Two articles on PainSci cite Guissard 2004: 1. Quite a Stretch 2. Complete Guide to Plantar Fasciitis
PainSci notes on Guissard 2004:
In a small group of patients, researchers attempted to determine if 30 sessions of static stretch training would make a different in the plantar-flexor muscles used to assist range of motion in the ankle. There were minor changes for a while and there were differences in the neural and mechanical adaptations from patient to patient. The researchers concluded/speculated that “the increased flexibility results mainly from reduced passive stiffness of the muscle-tendon unit and tonic reflex activity.”
original abstract †Abstracts here may not perfectly match originals, for a variety of technical and practical reasons. Some abstacts are truncated for my purposes here, if they are particularly long-winded and unhelpful. I occasionally add clarifying notes. And I make some minor corrections.
To determine the contributions of neural and mechanical mechanisms to the limits in the range of motion (ROM) about a joint, we studied the effects of 30 sessions of static stretch training on the characteristics of the plantar-flexor muscles in 12 subjects. Changes in the maximal ankle dorsiflexion and the torque produced during passive stretching at various ankle angles, as well as maximal voluntary contraction (MVC) and electrically induced contractions, were recorded after 10, 20, and 30 sessions, and 1 month after the end of the training program. Reflex activities were tested by recording the Hoffmann reflex (H reflex) and tendon reflex (T reflex) in the soleus muscle. Training caused a 30.8% (P < 0.01) increase in the maximal ankle dorsiflexion. This improved flexibility was associated (r(2) = 0.88; P < 0.001) with a decrease in muscle passive stiffness and, after the first 10 sessions only, with a small increase in passive torque at maximal dorsiflexion. Furthermore, both the H- and T-reflex amplitudes were reduced after training, especially the latter (-36% vs. -14%; P < 0.05). The MVC torque and the maximal rate of torque development were not affected by training. Although the changes in flexibility and passive stiffness were partially maintained 1 month after the end of the training program, reflex activities had already returned to control levels. It is concluded that the increased flexibility results mainly from reduced passive stiffness of the muscle-tendon unit and tonic reflex activity. The underlying neural and mechanical adaptation mechanisms, however, showed different time courses.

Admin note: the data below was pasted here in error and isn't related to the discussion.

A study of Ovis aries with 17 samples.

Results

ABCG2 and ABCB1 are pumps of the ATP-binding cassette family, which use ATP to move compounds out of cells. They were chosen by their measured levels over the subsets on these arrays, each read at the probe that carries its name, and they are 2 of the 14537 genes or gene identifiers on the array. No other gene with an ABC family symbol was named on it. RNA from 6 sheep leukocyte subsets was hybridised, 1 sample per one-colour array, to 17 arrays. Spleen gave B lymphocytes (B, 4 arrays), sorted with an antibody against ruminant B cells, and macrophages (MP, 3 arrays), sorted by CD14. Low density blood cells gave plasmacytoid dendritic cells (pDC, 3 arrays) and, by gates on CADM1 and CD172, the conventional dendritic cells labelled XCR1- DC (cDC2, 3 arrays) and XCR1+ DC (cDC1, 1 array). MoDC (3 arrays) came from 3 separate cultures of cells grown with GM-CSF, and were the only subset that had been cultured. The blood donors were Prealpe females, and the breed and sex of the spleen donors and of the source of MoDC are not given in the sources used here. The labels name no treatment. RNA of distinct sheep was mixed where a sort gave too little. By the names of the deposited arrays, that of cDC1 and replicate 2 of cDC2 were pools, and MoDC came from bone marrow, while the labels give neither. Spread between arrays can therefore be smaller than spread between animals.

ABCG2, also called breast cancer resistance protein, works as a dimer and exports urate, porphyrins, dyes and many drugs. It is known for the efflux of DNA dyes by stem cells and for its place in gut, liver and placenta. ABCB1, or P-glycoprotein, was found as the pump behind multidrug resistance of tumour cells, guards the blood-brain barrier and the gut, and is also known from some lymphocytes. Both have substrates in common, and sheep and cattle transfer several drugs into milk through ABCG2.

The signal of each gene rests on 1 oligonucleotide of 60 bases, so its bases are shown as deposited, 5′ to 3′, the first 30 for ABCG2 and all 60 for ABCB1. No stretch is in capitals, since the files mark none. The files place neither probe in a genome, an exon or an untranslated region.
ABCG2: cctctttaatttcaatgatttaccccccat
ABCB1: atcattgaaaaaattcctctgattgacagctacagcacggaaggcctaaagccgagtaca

This page is part of the PainScience BIBLIOGRAPHY, which contains plain language summaries of thousands of scientific papers & others sources. It’s like a highly specialized blog. A few highlights:
- A double-blinded randomised controlled study of the value of sequential intravenous and oral magnesium therapy in patients with chronic low back pain with a neuropathic component. Yousef 2013 Anaesthesia.
- Is Neck Posture Subgroup in Late Adolescence a Risk Factor for Persistent Neck Pain in Young Adults? A Prospective Study. Richards 2021 Phys Ther.
- Photobiomodulation therapy is not better than placebo in patients with chronic nonspecific low back pain: a randomised placebo-controlled trial. Guimarães 2021 Pain.
- No effect of creatine monohydrate supplementation on inflammatory and cartilage degradation biomarkers in individuals with knee osteoarthritis. Cornish 2018 Nutr Res.
- The CANBACK trial: a randomised, controlled clinical trial of oral cannabidiol for people presenting to the emergency department with acute low back pain. Bebee 2021 Med J Aust.